Updated on September 27, 2009

Buying Furniture


When we first started looking for a recliner for my husband they all looked pretty much the same to me. I wasn't fond of them, but I wanted him to be comfy and our sofa had died a sudden and mysterious death. I think kids jumping on it might have had something to do with it's demise, but they won't confess.

So, off we went to look at recliners. After a miserable experience with furniture from the local chains, we decided to go to a family-owned store in our hometown. The store is small and had few display models, but we were able to order one. Here are a few tips we learned along the way.

Size matters. Our living room is quite small and one of those lumber-jack sized recliners just will not fit. So, we were able to order a smaller one. However, when our son-in-law, who is six-foot four and built like a linebacker, came to visit, we all had quite a laugh at how inadequate the recliner was for him. So, think about not only your available space, but the size of the person who will be sitting in it most of the time.

Quality construction. We went with a well-known recliner brand and it's held up amazingly well. It still reclines and goes back to a sitting position with ease. Cheaply made chairs won't hold up as well. The materials used to build them are usually low quality that breaks easily or bows.

Upholstery. We have pets and although we loved the beautiful fabrics covering the chairs we looked at, we knew this was not an option for us. So, we went with leather. This has been a good choice for us as the pet hair doesn't stick to it and it's easy to keep clean. A fabric upholstery can be a deal breaker as even though the chair is built well and lives forever, the fabric becomes soiled and smelly and cleaning it is costly and labor intensive. Little ‘accident's can really finish a chair off if the stuffing under the fabric gets saturated.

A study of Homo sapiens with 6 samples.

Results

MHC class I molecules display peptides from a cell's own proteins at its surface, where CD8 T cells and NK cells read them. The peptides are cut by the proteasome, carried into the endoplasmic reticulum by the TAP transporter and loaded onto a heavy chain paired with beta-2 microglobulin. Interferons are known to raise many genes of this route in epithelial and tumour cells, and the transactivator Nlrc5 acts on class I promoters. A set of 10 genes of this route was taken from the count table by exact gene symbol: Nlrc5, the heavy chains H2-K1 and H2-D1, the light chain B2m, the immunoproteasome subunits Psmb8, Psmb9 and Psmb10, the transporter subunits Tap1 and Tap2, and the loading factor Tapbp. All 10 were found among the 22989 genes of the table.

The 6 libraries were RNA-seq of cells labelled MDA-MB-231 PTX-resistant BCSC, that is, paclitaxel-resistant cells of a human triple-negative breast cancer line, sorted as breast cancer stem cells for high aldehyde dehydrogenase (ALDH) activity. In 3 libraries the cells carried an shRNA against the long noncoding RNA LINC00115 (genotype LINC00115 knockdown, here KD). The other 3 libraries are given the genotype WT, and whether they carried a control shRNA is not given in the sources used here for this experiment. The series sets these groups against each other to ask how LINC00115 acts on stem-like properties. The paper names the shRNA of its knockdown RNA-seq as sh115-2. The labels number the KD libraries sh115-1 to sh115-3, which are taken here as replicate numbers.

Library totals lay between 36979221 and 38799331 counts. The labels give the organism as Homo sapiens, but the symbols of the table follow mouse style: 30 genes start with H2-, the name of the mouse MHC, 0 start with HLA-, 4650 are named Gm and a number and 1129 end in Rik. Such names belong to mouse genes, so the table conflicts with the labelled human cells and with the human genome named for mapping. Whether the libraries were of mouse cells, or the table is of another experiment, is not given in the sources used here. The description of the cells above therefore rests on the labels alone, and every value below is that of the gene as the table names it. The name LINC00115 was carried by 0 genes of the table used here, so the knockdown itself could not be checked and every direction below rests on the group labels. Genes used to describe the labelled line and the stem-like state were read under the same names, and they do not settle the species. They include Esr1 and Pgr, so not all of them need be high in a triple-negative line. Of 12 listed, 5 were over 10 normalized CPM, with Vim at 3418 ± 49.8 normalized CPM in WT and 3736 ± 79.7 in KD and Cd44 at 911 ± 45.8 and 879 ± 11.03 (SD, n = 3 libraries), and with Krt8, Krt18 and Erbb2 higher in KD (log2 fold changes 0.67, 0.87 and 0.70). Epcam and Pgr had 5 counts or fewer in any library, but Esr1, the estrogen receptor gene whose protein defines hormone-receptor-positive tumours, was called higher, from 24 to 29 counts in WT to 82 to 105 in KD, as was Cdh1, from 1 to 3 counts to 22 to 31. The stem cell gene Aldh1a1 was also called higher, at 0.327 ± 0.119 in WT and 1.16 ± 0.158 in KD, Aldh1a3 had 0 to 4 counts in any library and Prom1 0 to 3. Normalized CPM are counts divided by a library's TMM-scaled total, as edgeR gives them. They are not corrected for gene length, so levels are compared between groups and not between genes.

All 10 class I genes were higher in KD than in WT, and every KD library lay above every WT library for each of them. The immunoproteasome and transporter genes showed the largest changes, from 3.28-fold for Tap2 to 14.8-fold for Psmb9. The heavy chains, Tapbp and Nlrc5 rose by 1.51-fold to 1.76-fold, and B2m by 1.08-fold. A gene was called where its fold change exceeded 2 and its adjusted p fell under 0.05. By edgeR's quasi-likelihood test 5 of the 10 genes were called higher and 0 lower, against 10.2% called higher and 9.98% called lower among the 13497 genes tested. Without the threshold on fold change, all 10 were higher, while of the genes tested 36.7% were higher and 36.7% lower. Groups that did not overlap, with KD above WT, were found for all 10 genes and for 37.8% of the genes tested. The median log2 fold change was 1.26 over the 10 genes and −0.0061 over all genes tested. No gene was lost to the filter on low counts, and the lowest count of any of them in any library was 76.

One thing we aren't too happy about and I don't know how to find this out ahead of time, but it's something to think about. Although the structure and the upholstery are holding up very well, the material they stuffed it with is ‘gone'. Instead of the cushy, comfy chair we started out with, we have a Flintstone model. It's hard as a rock as we're sitting on wood with leather covering.

Larger furniture stores have their own trucks and can usually deliver quickly. Smaller stores must rely on independent trucks to deliver. This can be a problem as we waited for weeks for our chair. Apparently, trucks carrying special-order items are often given a back seat to trucks filled with large orders. We were having a party and were getting quite nervous about whether the chair would be here in time. After a number of calls to the store owner, the chair was finally delivered, by the owner and his son on the day before the party. So, keep in mind that special orders do take time, sometimes a long, long time, to make their way to your home.

Color is also important. We joke that we buy stuff the same color as our dogs, so the fur doesn't show so much. The leather solved that problem. Think about how the color of the chair will work with the rest of the room. That trendy hue may seem very appealing, but trends change quickly and many folks are still haunted by colors that were ‘in' and ‘out' way before the furniture was worn. A neutral shade is a better choice, you can always perk it up with trendy throw pillows.

The best thing to do is take your time, measure your space and the person most likely to sit in the chair. Consider your lifestyle when choosing a fabric and color. And be patient if you place a special order.